Interesting day yesterday, eh?
I'll focus on Molycorp but the thinking is similar for the whole group.
These are capital intensive businesses, the companies are generally underfunded.
What to do? If you find yourself a market darling you sell stock.
How do managements suddenly thrust into the spotlight react? They want the stock up.
None of the U.S. and Canadian names are in production which, paradoxically, means they can achieve higher prices for the stock than if they were tethered to earthly reality by discounted cash flows or proven reserves.
You can go with "inferred" which pretty much means "pick a number". Managements will let their investors dream, not disabusing them unless they are required to by securities law.
Because there are no metrics that make any sense you need to be as much a psychologist as a wonk, take the measure of the market's aggregate emotions and bet accordingly.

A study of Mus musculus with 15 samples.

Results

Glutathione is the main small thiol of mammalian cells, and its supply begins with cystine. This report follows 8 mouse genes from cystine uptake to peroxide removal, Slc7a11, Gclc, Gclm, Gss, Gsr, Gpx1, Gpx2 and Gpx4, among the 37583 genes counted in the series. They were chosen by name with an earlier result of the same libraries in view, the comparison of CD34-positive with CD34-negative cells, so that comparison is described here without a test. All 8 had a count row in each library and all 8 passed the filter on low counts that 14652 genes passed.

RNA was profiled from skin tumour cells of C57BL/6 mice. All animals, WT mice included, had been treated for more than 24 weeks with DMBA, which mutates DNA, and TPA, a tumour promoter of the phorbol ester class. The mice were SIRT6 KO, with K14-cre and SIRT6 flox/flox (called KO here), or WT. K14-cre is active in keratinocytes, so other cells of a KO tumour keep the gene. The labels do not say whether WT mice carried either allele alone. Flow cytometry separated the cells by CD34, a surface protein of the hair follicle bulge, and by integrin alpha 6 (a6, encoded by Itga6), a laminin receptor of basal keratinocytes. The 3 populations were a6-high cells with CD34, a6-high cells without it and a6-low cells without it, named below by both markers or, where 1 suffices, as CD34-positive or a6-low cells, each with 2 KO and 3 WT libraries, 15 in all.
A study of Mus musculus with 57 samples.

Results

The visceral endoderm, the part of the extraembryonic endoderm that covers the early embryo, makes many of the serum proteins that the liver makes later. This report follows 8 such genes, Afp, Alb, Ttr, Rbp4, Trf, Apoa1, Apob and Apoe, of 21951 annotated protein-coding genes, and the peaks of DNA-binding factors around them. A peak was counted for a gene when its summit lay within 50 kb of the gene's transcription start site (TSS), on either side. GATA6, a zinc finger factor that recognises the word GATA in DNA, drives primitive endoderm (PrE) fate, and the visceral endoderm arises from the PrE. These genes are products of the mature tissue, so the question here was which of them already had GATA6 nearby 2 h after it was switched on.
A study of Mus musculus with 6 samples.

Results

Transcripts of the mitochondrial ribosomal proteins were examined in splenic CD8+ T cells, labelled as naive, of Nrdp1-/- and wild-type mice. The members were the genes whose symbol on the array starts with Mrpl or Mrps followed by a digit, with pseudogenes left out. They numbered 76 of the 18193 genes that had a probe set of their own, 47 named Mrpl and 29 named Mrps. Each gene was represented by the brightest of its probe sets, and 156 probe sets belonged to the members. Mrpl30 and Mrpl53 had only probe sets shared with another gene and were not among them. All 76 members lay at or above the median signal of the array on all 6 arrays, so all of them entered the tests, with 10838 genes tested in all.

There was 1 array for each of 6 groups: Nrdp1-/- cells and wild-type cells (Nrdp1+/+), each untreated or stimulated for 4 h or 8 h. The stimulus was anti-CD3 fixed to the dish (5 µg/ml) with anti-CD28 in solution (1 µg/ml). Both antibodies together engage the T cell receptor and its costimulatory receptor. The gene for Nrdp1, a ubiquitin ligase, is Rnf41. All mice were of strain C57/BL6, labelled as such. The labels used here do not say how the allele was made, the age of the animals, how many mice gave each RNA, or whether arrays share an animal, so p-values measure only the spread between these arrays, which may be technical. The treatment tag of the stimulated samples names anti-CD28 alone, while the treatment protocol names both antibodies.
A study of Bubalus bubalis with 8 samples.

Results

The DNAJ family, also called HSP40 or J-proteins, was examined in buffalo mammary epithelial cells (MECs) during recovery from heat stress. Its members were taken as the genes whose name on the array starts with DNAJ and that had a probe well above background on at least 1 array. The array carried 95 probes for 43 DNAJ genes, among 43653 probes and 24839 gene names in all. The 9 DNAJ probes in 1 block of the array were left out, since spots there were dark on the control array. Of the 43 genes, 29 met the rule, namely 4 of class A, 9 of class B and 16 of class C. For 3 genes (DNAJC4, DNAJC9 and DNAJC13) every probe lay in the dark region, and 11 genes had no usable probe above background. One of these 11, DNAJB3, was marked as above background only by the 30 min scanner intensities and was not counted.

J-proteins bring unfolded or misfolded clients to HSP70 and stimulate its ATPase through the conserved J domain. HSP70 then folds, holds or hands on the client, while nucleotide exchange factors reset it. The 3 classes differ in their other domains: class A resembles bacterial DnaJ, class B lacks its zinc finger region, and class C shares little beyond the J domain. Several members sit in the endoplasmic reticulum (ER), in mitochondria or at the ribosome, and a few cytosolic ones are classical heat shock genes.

So where are we now?
After yesterday's 12.92% decline the folks who were basing their decisions on hope decided "I'll see how it opens, and maybe get back some of the loss". When the stock opened down they lost their faith and with the vehemence of an apostate renounced the stock.
That set the immediate term bottom at $50.33. The stock turned and buying started coming in from shorts covering, their thinking is "Well, with the weekend coming.../I'll book it/I'm a freakin' genius" etc. and you get the $3.90 swing to where we are right now, up $1.26 at $54.12.
I'd look for a whole bunch of "news" releases from the whole group over the next week or ten days, starting with the smaller names, their attorneys usually aren't as squeamish. But the NYSE listed issues will be sending stuff to BusinessWire (a Berkshire Hathaway company) and you'll see the fear and greed thing play out.
In the case of MCP they, in addition to wanting the stock up for possible financings they also have the lock-up period for insider sales ending on the 20th.
I'm guessing their releases will read really well.